Each year since 1946, Gallup has asked Americans to name the living man or woman they most admire. The top vote-getters for 2014, announced on Monday, were no surprise: Barack Obama claimed victory in the male category for the seventh straight year, while Hillary Clinton extended her even more impressive run as "most admired woman" for the 17th time in the last 18 years, a record for the survey.
The most eyebrow-raising entrant on either list, however, was Vladimir Putin, who slipped into a tie for 10th place (with Israeli's Benjamin Netanyahu) after being named by 1 percent of respondents. In cracking the top 10, the widely condemned invader of Ukraine earned more votes than Vice President Joe Biden, the last two Republican and Democratic presidential nominees (before Obama), two ex-presidents (Jimmy Carter and George H. W. Bush), George Clooney, and the Dalai Lama. He even beat out Bono.
Now before we continue, a couple of caveats: In a sample size of 805 people, earning 1 percent of the vote does not amount to that many people, and the difference between Putin and, say, Mitt Romney or the first President Bush, who finished just below him, was probably just a single vote. Yet the question was open-ended, meaning that at least a half dozen people, without being prompted with a list, responded with Putin when asked, "What man that you have heard or read about, living today in any part of the world, do you admire most?"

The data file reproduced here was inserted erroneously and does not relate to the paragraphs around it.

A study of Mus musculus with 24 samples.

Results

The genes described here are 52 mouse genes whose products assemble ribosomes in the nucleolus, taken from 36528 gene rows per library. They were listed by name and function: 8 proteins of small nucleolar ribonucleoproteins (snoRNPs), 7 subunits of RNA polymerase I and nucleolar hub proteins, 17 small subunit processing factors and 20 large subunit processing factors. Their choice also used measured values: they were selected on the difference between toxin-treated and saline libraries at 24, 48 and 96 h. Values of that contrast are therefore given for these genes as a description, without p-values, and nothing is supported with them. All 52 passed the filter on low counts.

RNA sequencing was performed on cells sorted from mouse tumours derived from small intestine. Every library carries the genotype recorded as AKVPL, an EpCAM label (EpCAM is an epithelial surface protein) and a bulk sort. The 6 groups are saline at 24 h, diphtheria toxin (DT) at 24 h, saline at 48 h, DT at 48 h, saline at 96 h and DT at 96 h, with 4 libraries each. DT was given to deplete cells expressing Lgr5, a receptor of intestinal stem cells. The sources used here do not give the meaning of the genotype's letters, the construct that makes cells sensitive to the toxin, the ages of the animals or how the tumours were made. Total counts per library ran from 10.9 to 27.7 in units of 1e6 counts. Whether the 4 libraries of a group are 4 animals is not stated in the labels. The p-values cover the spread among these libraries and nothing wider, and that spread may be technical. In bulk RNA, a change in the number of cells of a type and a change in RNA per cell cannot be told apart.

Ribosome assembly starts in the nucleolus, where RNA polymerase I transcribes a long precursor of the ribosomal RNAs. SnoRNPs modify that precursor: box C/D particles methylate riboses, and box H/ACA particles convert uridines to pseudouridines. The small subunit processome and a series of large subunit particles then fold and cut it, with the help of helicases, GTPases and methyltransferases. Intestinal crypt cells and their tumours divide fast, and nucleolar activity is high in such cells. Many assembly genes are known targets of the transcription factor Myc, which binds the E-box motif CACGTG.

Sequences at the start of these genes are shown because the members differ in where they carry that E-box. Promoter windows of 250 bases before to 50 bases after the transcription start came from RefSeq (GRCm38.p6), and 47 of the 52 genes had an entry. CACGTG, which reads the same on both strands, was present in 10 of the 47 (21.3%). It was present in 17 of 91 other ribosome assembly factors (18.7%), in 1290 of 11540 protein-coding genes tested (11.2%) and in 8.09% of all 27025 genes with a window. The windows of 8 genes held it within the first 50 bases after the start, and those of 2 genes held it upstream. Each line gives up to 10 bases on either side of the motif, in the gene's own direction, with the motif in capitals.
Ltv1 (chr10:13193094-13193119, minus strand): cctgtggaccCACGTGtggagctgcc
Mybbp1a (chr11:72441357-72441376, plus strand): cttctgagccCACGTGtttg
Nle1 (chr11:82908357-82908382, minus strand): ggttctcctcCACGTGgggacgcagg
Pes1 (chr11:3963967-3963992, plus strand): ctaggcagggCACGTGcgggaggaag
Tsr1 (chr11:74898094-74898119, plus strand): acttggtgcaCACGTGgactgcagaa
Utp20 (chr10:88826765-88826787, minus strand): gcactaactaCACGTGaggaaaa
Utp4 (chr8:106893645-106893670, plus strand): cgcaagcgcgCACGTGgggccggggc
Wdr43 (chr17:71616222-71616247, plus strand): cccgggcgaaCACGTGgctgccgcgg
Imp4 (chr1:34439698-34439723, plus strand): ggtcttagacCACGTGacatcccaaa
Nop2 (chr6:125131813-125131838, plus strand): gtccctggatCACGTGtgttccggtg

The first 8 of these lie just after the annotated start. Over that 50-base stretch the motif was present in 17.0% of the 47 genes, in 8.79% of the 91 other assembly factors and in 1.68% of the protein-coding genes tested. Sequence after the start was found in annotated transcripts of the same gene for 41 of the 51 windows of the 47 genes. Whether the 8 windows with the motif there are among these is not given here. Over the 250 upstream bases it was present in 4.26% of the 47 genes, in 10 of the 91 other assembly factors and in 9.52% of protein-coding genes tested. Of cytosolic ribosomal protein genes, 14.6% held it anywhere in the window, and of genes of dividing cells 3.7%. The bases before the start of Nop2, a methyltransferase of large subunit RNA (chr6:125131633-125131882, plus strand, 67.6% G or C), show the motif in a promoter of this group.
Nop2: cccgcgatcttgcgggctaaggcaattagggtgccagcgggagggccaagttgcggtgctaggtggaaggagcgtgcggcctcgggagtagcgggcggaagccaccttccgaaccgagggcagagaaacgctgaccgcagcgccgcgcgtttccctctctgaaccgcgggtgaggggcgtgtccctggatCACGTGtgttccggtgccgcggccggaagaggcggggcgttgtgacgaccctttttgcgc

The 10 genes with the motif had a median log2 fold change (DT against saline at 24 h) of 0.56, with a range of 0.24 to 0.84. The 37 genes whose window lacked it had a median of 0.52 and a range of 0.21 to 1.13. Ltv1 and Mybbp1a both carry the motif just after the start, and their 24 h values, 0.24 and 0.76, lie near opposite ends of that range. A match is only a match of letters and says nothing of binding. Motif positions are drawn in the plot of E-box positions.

And it's not as if Putin is a fixture on the annual list. He hasn't received a single vote since 2010, and nobody cited him as their "most admired man" in seven of the last 10 years. His stronger showing in 2014 comes during a year in which he drew near-universal scorn for ordering the annexation of Crimea and sending troops into eastern Ukraine. At the time the survey was conducted earlier this month, the Russian ruble was collapsing.
"It is kind of puzzling that he's in there," said Jeffrey Jones, the managing editor of Gallup. He said that his team couldn't see any demographic pattern in the respondents who named Putin, and they didn't know for sure if people were listing him as a joke. While the longer list of more than 50 names that respondents volunteered included politically polarizing figures like Rush Limbaugh, Ted Cruz, and Jesse Jackson, Putin had the worst standing in the U.S. of any of them (though Donald Trump also received a vote). In an NBC News/Wall Street Journal poll in August, just four percent of respondents rated Putin positively.
Jones said by phone on Monday that there is a precedent for public figures making the top 10 despite a run of bad press. In 2009, the survey was conducted just after the personal foibles of Tiger Woods exploded into view after he crashed his car outside his house. Both Woods and his scorned wife, Elin Nordegren Woods, earned 1 percent of the vote that year. Putin's oddly strong showing, therefore, may simply be a case of bad publicity trumping no publicity. "He's in the news a lot, so he's top-of-the-mind," Jones said.